How to Comply with San Francisco's Lactation Law


 

The Ordinance will be monitored and enforced by San Francisco’s Office of Labor Standards Enforcement (OLSE). For 2018 OLSE only issued warnings, but starting January 1, 2019, penalties will be $500 per violation and employers who fail to comply may be fined up to $50 per day.  

 

If you’re not sure what the San Francisco Ordinance requires, or are unsure how to be in compliance, we’ve identified three key things you need to do.

1) Provide a private and sanitary lactation space.

The requirements for lactation spaces under San Francisco’s Lactation in the Workplace Ordinance are more stringent than either the Federal FLSA or California state law. In addition to mandating that lactation spaces must be private, secure, and not a bathroom (as do both the FLSA and CA state law), the ordinance notably exceeds these requirements by stipulating that all lactation spaces also need to:

  • be clean and free of hazardous materials

  • have a place to sit

  • have a surface for a breast pump

  • include electrical outlets

  • have easy access to a refrigerator and sink

  • be in proximity to the employee’s work area

  • be primarily designated as a lactation space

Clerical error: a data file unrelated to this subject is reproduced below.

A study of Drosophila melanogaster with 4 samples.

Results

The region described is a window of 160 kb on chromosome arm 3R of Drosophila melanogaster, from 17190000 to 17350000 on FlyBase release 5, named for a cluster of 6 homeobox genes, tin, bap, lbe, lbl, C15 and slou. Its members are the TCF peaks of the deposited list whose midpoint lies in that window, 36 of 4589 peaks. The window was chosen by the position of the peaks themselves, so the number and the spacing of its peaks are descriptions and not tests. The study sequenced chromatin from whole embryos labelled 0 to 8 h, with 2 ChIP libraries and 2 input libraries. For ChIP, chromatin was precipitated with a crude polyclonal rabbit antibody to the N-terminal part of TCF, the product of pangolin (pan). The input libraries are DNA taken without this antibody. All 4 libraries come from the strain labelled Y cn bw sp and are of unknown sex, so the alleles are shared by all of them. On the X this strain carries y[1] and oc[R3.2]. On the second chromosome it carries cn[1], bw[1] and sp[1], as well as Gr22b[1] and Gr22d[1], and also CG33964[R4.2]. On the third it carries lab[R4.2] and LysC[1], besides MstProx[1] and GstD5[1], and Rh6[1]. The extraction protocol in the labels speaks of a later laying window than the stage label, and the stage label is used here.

2) Write a lactation accommodation policy.

The Ordinance also requires that employers have a written lactation accommodation policy that clear communicates the following:

 

  • A statement that your workplace supports the rights and needs of breastfeeding employees.

  • A summary of the legal requirements of the Ordinance.

  • A clear protocol for requesting lactation accommodations. The San Francisco Department of Health provides models of lactation accommodation policies and request forms. Companies need to respond to lactation requests in writing (or email) within five business days.

  • A process for identifying break time. When possible, the break time should be concurrent with break time already provided. (The time it takes to reach the lactation space is not counted as break time.)

  • A list of available lactation spaces for breastfeeding employees.

3) Create a process for accommodation requests.

  • Discuss the lactation accommodation policy with employees prior to maternity leave.

  • Keep all requests for lactation accommodations for three years. Be sure to include the employee’s name, date, and a summary of how the request for lactation accommodations was met.

  • Create a protocol for mothers to file complaints if they experience harassment or other forms of discrimination in the workplace based on their decision to pump.